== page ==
While jewelry industry confidence has—not surprisingly—fallen during the COVID-19 era, the vast majority of jewelers remain optimistic about the future, Reed Exhibitions chief operating officer Yancy Weinrich announced during a JCK Talks keynote on industry trends at the JCK Virtual 2020 show.
JCK’s Jewelry Industry Confidence Index (JICI), which stood at 86 last year, fell to 66 this year. While that’s a significant drop, it still means that two-thirds of jewelers are optimistic about the future.
The survey was part of an in-depth study on industry trends conducted for JCK in June by national research firm MRI-Simmons.
In addition, while retailers laid out different time frames for when they expected their business to recover, only 2% said they expected that their business would never recover. “In other words, 98% believe in a better tomorrow,” said Weinrich.
John Carter, president of Jack Lewis Jewelers in Bloomington, Ill., said during the webinar that he’s used the time his store was closed to redo his website—and surprisingly, he pared it down.
“Rather than have a website that was hosted by somebody who had a bunch of inventory that wasn’t necessarily things the customer could walk in the door and see, we now have a proper representation of things we actually have,” he said. “I think it tells our story a little better.”
He is also trying to better tell his story with social media. He says, “We were discussing how everyone was feeling so bad. People were unsure. People are worried about being unemployed, our people are unsure. We just did a series of videos where we said, what we do matters. We always say, at Jack Lewis, we sell more than just shiny metals and sparkly rocks. We sell things that express your deepest emotions for the people you love the most.
“I made a video where I talked about this little bracelet from John Varvatos that my children gave me for Father’s Day and how I wear that every day. I travel a lot and I don’t get to see my kids as much as I want, but when I look down, I know why I work so hard.… It was really powerful and emotional and reminded us all of what we do and the why we’re rooted in this industry.”
Megan Flynn, co-owner of M. Flynn Jewelry in Boston, said that while her online business has become “healthier,” she doesn’t expect the business to move completely online.
“We’re seeing customers still want to come into our store,” she said. “I truly believe that a store is where those connections are made, and it’s really important to us that customers come for the whole experience. People are coming in by appointment, and we are booked solid. But once somebody becomes comfortable with us, they might be more comfortable buying online. That’s usually what we see.”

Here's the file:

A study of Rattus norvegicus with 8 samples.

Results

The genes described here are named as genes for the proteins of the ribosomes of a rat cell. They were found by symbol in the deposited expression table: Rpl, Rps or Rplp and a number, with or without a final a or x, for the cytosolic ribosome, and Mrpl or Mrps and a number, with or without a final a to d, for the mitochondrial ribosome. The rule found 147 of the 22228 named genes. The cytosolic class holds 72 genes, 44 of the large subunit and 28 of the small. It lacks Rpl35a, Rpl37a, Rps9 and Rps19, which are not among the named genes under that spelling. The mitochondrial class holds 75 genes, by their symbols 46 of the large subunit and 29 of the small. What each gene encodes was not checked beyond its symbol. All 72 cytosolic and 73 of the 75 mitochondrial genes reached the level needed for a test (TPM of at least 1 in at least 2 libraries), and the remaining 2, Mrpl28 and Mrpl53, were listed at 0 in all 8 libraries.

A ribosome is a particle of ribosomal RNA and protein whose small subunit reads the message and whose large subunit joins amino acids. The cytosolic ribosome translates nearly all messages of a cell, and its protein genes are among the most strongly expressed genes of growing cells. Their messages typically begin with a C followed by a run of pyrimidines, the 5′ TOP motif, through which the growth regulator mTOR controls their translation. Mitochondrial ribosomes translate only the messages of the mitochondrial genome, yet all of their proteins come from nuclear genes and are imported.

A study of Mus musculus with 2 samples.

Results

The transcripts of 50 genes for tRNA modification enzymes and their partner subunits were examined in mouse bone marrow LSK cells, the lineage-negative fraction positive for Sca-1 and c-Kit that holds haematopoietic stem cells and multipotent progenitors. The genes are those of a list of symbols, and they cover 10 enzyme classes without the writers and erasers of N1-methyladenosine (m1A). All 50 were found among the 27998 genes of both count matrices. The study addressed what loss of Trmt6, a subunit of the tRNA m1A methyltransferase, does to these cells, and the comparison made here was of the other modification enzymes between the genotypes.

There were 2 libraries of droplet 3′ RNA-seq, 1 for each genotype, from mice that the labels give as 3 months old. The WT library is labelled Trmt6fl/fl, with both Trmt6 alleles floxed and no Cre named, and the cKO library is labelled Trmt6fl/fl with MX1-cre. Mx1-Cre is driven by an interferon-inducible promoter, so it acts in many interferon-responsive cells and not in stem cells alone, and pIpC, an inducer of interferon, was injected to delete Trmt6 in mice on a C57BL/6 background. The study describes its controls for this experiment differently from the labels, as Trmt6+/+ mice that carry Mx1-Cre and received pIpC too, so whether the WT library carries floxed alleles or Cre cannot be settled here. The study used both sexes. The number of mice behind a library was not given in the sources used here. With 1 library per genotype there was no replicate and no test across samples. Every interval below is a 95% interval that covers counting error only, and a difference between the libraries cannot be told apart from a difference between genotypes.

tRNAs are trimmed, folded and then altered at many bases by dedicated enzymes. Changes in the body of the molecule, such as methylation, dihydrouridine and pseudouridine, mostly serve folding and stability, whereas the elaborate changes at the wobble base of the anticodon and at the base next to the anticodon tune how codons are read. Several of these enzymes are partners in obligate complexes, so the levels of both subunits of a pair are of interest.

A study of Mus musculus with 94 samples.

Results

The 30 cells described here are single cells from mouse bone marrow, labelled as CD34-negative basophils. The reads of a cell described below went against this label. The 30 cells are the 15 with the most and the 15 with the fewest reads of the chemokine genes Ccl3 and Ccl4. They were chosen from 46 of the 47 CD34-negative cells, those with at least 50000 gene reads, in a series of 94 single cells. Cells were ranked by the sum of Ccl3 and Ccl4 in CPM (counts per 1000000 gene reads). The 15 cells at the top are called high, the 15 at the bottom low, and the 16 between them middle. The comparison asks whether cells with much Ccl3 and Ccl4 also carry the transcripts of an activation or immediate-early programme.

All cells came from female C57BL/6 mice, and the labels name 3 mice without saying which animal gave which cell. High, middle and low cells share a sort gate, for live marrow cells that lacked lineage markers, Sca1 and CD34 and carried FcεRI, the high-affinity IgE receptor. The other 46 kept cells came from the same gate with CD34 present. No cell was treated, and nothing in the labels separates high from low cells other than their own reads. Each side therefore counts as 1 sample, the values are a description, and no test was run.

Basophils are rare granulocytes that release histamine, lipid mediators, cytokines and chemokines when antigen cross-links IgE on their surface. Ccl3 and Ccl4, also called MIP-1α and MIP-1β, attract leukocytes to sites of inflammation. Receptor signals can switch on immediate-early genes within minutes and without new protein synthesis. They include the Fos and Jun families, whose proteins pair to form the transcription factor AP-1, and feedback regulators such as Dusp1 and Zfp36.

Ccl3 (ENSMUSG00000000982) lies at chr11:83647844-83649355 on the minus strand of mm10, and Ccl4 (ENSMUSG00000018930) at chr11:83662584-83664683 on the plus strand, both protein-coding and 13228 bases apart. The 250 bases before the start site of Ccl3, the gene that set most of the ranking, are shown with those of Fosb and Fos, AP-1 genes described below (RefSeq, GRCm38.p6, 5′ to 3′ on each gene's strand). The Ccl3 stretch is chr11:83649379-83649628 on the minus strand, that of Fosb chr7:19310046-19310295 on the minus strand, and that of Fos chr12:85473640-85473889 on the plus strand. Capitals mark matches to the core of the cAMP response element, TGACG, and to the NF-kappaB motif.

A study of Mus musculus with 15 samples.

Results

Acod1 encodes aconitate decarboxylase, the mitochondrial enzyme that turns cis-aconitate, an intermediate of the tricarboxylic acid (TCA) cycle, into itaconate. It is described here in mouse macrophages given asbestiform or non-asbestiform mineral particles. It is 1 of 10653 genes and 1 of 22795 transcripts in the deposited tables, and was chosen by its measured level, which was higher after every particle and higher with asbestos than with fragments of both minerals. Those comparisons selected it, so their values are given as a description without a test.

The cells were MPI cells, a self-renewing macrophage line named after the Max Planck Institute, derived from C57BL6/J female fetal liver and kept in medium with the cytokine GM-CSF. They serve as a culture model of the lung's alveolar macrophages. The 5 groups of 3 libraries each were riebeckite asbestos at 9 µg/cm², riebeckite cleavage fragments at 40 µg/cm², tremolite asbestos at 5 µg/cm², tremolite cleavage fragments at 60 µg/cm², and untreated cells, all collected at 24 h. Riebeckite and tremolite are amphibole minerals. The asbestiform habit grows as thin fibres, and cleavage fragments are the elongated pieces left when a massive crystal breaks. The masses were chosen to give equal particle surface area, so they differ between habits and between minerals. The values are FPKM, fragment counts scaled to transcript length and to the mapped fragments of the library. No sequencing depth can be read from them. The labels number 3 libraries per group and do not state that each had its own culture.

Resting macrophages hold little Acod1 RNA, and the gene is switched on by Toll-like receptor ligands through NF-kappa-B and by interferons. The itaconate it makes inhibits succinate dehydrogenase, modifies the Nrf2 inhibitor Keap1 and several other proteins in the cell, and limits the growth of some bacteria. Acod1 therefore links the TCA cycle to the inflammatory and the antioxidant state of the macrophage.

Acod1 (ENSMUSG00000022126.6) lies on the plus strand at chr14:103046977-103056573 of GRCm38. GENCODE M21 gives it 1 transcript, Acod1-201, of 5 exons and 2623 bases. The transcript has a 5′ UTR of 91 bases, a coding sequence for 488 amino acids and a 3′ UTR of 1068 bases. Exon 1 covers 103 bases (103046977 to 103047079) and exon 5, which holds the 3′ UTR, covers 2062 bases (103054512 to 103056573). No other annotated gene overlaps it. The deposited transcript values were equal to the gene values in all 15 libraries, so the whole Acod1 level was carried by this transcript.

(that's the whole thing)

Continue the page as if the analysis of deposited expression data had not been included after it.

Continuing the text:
Carter said he has decided not to stress online sales— and, in fact, thinks he’ll sell a little less that way this year.
“We really are an industry that has been somewhat insulated from the internet,” he said. “The reason is, people want to come in and they want that relationship with their local jeweler. We are real people in your community. We support your soccer teams. We want them to come in and meet their friends at the jewelry store.
“If buying a diamond truly was just about reading the AGS or GIA grading report, why would they need me?” he continued. “It’s more than that. It’s me interpreting those results for them and showing them why this diamond is more spectacular than the other one and why this is a better value for them.”
Flynn said she’s asking designers to send her fresh product to get some excitement for holiday. “I’m asking them to throw a box together. But there’s really nothing that replaces going to shows for us. It’s still really important for us to see things in person, just like it is for our customers.”
Carter also felt the loss of trade shows this year. “It’s hanging out at the bar at the Palazzo after the show and talking about what we saw. That, for me, is the fuel that keeps me connected to this industry. It’s personally fulfilling and then you also walk away with a lot of professional ideas. That is what I miss the most.”
Carter said the big trend he’s found during COVID is “not trendy,” but pieces with a deeper meaning, such as charms, heirlooms, and—another surprise—engagement rings.
“It’s almost like these are the COVID merit badges,” he said. “These are the things to say that we survived 2020 in its entirety, and we’re stronger and we’re going to look back at this someday. We’re never going to look back and laugh, but we are going to look back at remember. So that better be a piece that in 10 years she’s not sick of.”
Flynn also found strong demand for engagement rings. “Our customers who are booked for weddings are still going through with them. They’re just going through with them in a different way, and then they’ll have a party later.”
All of which shows that, even during these dark times, “there are still things to celebrate,” she said.
JCK’s full “State of the Jewelry Industry Report 2020” can be ordered here.